REFLECTIONS on ACCEPTANCE from a TRAUMA LIFE COACH
A new year has begun! Acceptance of where you find yourself at this moment may be the first step to action. Are you satisfied with your life as is? What areas do you want to change? Are there segments of your life’s situation that cannot be changed? What does that mean to you?
“Acceptance does not mean we are giving our approval.” Melody Beattie wrote that statement in a Hazelden Thought of the Day. (I could only find a link to the entire short article on this site:
Acceptance does not mean approval continues to resonate within me. When Megan and I were going through the injustices of the court systems and other institutions, the last thing I wanted to do was accept the situation. That has also been true during other periods of my life.
As a recovering alcoholic, I knew of the necessity of seeing life as it truly was. I had to move out of denial and accept that I could not drink alcohol. Until I accepted that fact, I would not and could not take the actions needed to lead a sober life.
Acceptance of my horrendous past of abuse was a foundation for my healing. I cannot change the past decades of my life. I can and have changed my reactions and actions.
The serenity prayer also includes the concept of acceptance and change.
“God grant me the serenity to accept the things I cannot change, the courage to change the things I can, and the wisdom to know the difference.”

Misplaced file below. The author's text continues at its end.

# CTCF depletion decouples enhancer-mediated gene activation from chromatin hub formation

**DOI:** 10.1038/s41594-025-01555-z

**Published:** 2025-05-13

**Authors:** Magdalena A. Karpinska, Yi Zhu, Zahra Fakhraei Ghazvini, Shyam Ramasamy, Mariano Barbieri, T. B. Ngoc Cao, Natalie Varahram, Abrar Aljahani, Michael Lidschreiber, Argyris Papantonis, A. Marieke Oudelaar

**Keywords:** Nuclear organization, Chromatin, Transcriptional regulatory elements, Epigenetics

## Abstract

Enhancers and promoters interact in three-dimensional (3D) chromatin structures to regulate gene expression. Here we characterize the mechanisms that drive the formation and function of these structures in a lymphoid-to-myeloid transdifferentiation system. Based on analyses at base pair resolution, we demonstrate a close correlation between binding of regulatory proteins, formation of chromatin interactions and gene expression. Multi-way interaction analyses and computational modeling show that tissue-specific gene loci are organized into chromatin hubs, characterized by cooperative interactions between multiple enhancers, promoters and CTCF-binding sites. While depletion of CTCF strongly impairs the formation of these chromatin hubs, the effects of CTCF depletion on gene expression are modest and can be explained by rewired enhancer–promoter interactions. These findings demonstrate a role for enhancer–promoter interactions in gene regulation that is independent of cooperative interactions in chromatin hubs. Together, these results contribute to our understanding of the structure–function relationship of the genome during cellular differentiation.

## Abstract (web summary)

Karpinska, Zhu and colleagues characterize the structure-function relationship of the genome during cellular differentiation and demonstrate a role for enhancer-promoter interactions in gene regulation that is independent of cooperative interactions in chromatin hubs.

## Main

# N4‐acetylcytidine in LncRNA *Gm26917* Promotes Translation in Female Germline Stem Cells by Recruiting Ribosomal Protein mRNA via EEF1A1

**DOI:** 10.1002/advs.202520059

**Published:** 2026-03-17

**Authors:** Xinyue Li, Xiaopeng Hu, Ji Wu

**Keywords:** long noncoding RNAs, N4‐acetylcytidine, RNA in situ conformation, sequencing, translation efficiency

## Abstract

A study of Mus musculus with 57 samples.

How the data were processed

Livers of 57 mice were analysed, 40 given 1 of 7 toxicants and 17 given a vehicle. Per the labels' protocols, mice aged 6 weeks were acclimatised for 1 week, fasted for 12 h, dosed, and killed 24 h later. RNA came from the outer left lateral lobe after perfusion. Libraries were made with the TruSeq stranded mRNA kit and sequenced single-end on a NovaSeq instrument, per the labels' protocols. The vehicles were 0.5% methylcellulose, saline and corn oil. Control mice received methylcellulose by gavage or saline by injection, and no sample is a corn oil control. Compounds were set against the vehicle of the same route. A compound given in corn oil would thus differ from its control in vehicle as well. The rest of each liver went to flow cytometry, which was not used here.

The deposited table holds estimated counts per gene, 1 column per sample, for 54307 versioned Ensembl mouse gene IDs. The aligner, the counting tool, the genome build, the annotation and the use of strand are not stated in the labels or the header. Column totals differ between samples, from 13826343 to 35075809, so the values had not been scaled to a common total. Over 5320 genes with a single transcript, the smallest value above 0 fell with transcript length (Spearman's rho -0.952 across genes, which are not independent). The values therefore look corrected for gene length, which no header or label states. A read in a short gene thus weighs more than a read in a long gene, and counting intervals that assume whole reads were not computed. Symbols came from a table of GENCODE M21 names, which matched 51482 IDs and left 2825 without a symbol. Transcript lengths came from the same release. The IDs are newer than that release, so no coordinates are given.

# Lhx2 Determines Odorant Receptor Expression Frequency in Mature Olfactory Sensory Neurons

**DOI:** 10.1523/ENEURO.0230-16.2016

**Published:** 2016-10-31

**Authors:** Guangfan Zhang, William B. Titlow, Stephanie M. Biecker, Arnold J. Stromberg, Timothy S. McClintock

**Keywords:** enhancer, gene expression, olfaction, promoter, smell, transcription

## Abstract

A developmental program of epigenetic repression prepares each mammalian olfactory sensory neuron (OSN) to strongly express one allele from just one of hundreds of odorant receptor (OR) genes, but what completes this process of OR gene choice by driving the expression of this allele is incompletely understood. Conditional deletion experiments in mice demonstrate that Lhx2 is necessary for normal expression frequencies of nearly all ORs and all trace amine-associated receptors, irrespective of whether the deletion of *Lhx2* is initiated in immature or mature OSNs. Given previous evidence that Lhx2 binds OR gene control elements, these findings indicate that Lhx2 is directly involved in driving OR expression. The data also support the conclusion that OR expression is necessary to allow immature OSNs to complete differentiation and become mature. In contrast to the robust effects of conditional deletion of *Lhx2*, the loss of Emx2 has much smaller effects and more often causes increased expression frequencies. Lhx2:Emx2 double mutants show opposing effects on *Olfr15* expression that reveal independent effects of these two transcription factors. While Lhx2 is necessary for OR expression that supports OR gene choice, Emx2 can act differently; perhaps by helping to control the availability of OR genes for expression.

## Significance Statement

– Reinhold Niebuhr
When I was awaiting trial and very worried about Megan, acceptance was extremely difficult. Life is not fair. The justice system does not work. Those statements are true in many cases including ours. I learned to accept life on life’s terms. I did not approve of most of it!
Thomas More once stated:
“You must not abandon the ship in a storm because you cannot control the winds … What you cannot turn into good, you must at least make as little bad as you can.”
I took More’s words to heart during the worse years. Although I found acceptance necessary, I knew I must choose to make the best of an awful situation. Acceptance did not mean resignation and no action on my part. Acceptance freed energy within me to concentrate on what I could do, such as finding an attorney, researching, connecting with my Higher Power, and more. That choice led me to continue day after day – slowly and painfully to make progress on my healing journey and in my life situation.
Looking back, I see the value of acceptance. I no longer spend energy and time asking why did this happen to me? One of the most important things is what you do after accepting the occurrence(s) of your past and/or present.
What can you do?
How do you change your reactions and actions?
How do you choose to move forward?
My past of as a survivor of incest, clergy abuse, human trafficking, domestic violence, and extreme abuse (including ritual abuse, torture and torture-porn) is not the focus of my life any more. In fact, I am mostly at peace with my past. I speak and write of the abuse and trauma to help others and to bring awareness to the subject. The excitement of life is in the present moment and with the anticipation of a better future!
I, as a life coach, welcome you to contact me. Accept your life as it is now; and, take action to move forward!! Life is short. A new year signifies a new beginning. Make one for yourself! You are worthy of a life filled with freedom, peace and joy!